Avoid cliches and be descriptive to sell yourself in job interviews
By Andrea Kay
Job hunters can be so stubborn. They complain that "I can't get offers" while insisting on doing things over and over in job interviews that make potential employers eager to lead them to the nearest exit.
"I couldn't wait to end the conversation, which had just begun," one employer told me after interviewing a woman. "She made the same mistakes I see every day. I asked her to tell me about herself. By the time she had gotten through her memorized list of strengths and that crap about being a 'people person,' I was praying my phone would ring so I could end the interview."
That may seem harsh. But that's how ineffectual you sound when you glom onto hackneyed, meaningless, overused phrases to answer that overused, but nevertheless you-better-be-prepared-for-it question: Tell me about yourself.
I don't care how sick you are of hearing this question. It's an ice-breaking oldie but goodie that sets the tone and direction for where things go from there. And you are losing a delicious opportunity if in responding to it, you can't make yourself sound more interesting than the other 500 people who described themselves in similar snoozer gobbledygook.
Just what do so many job hunters say that turns employers' bright and hopeful eyes into bleary-eyed orbs? Let me name a few phrases.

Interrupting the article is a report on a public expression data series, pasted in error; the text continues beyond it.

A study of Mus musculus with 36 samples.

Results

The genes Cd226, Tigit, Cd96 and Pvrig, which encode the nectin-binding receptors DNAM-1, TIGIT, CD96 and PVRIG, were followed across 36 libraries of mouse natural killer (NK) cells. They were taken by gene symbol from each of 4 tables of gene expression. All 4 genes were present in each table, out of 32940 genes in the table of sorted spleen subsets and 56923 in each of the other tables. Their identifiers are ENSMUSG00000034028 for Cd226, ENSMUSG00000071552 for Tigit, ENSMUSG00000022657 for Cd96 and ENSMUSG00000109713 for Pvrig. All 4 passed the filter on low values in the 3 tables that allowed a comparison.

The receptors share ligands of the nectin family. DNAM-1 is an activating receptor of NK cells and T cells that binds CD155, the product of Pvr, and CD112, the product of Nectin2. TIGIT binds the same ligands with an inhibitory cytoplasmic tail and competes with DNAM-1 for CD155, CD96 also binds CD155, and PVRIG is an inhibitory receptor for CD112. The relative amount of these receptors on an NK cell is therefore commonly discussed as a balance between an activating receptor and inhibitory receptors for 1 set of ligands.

First, there's the notorious, previously mentioned "I'm a people person."
Job hunters who like people, get along with others and enjoy interacting with customers and clients love to list this — usually first — as one of their greatest attributes.
It's not that you may not indeed be a "people person" — but what in the world is that? And once you can define it, why not say that so it has some teeth and relevance to the employer?
For example: "I am very skilled in working with people. I am sensitive to others. And through my empathy and good listening skills, I can bring calm to emotional situations so we can move on to solve the problem." Or: "I enjoy building relationships with customers. I want to really know them and build trust so I spend time meeting face-to-face to understand their problems."
But do not just copy and use those words or they will sound like a cooked-up response that you stole from someone else because you thought it sounded good — which is exactly what you'd be doing. Figure out what being a "people person" really means for you so it's credible and you can expound on it.
Sometimes job hunters think they should say they are a "people person" because a position entails dealing with others. What job doesn't? Whether you're making sandwiches or software, you will interact with others.
But you don't have to be the most affable, gregarious human on Earth to be good for a business. Being pleasant, kind, respectful and aware of other people works just fine. So don't make up stuff you think an employer wants to hear.
Along those same lines are the overused terms "team player," "change agent" and someone who "drives results" or "delivers actionable results." You sound like you've been reading too many business books and don't have a clue about what you really can do for a business.
Scrap these terms altogether. But if you insist there's no better way to say it, figure out what "it" is, then give an example of how you did that.
Now if only job hunters would stop insisting on wearing flip-flops to job interviews.